I always receive the same two questions whenever someone comments on my septum ring: “Did it hurt?” and “How do you blow your nose with it?” Yes, it hurt, but not as badly as you might think. I blow my nose like anyone else, and allergy season is the literal worst. But at the end of the day, I love the pesky piece of metal hanging from my nose.
Septum piercings are not what they once used to be. While they have been popular in the punk rock scene for a while now, the piercing is breaking into the mainstream and starting to be worn by more and more Northwestern students. Over the last year, a growing number of students are showing off a diverse range of nose jewelry, including everything from circular barbells to ornate seamless rings.
The changing stigma around septum rings may represent a broader trend of acceptance for body modification, at least for certain professional fields. Many employers consider certain piercings and tattoos inappropriate for a professional work environment, which is why the septum may be popular – certain styles can be concealed by flipping them up into the nose. Yet it's no coincidence that septum piercings are uncommon at NU and the students who do have them major in the liberal arts.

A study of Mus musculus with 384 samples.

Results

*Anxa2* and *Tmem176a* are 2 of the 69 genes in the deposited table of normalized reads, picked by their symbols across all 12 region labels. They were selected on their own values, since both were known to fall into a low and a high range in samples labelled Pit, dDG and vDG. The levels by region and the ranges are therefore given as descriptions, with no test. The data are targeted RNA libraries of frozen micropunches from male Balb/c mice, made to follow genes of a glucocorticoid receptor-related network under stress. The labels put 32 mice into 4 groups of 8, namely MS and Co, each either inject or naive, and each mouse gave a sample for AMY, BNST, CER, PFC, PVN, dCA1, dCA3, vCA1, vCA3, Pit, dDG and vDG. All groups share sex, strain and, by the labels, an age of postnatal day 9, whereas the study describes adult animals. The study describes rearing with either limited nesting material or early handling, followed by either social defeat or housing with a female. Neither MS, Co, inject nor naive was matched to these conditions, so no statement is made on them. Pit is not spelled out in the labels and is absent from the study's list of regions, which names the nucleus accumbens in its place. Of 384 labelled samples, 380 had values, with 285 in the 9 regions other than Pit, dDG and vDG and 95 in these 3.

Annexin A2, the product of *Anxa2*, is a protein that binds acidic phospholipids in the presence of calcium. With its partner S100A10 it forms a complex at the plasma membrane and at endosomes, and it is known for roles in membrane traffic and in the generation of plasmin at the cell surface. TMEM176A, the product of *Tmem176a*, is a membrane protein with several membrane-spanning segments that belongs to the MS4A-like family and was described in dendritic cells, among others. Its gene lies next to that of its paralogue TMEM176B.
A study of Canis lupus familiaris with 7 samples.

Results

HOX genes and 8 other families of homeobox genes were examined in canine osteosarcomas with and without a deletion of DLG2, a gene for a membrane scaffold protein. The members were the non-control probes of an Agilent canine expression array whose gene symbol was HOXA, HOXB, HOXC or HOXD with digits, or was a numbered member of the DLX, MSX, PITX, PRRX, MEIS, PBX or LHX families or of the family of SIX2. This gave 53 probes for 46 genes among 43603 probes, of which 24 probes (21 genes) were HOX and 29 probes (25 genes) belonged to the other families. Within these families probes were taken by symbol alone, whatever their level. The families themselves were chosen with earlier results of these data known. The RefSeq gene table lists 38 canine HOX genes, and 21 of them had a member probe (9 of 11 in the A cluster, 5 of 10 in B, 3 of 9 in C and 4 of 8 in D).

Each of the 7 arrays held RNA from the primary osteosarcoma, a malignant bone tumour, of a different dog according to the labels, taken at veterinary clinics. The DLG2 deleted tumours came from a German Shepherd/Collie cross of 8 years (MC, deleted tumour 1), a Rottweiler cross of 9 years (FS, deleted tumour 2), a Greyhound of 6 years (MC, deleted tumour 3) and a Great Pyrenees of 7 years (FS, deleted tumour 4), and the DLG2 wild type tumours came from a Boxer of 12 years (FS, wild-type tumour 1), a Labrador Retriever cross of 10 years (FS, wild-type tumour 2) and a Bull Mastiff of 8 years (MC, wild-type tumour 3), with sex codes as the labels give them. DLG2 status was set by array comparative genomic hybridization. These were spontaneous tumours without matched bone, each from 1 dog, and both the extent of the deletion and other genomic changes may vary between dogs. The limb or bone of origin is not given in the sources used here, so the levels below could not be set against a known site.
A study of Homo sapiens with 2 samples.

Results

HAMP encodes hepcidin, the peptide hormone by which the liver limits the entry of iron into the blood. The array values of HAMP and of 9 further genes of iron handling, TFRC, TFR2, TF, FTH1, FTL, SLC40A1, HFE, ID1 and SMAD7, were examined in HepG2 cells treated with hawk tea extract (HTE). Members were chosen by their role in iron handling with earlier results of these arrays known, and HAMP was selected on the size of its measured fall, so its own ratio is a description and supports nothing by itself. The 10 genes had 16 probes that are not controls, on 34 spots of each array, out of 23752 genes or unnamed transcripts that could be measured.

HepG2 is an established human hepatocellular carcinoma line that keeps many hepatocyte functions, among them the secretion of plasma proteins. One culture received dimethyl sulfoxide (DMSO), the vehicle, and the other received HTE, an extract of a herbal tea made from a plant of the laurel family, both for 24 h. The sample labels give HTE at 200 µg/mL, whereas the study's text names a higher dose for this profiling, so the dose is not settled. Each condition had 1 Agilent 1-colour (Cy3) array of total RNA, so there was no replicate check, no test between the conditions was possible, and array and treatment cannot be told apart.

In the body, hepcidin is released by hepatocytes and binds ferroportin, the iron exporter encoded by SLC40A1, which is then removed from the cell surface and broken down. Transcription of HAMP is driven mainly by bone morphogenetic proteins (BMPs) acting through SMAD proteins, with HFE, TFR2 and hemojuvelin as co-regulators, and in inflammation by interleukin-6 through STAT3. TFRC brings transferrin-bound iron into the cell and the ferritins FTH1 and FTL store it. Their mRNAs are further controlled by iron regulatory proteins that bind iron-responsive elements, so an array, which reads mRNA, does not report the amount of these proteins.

This stigma has not changed until recently, though. Collin Rice, a School of Communications senior, has had his septum pierced for a little over a year and says the piercing started gaining prominence with the high fashion scene.
“It’s trendy among fashion circles. You see a lot of runway collections with huge jewelry that’s been pretty big in the last couple of years,” Rice said.
Once the septum ring became a hot item in high fashion, it made its way to the noses of high profile celebrities. Lucy Blumberg, a Weinberg junior, points to artists like FKA twigs and Rihanna (hers was fake, but still looks cool) for the rising popularity of septum piercings.
“I think it’s interesting to see how [piercings] come and go, because this used to be like an intense bullring and now it’s become a little more fashionable,” she said.
While some people like septum piercings because of their delicate, ornate look, Weinberg freshman Jayleen James argues they still give the wearer a certain edge.
“I think it gives everyone an alternative look. It's a very punk thing and that's how it represents a lot of people,” James said.
For these students, body jewelry is a way to add to their appearance while expressing their individualism. It’s a way of distinguishing themselves from Northwestern’s general style and appearance, which they described as “modern day preppy,” “drab” and “bland”.
“In general, there aren’t a lot of people pushing boundaries or doing exciting things with their appearance,” Blumberg said.
Who knows how long the septum fad will last. But more importantly, what will come next? James hopes the eyebrow piercing will gain popularity, while Blumberg roots for the medusa (center upper lip) and nipple piercings. Only time will tell.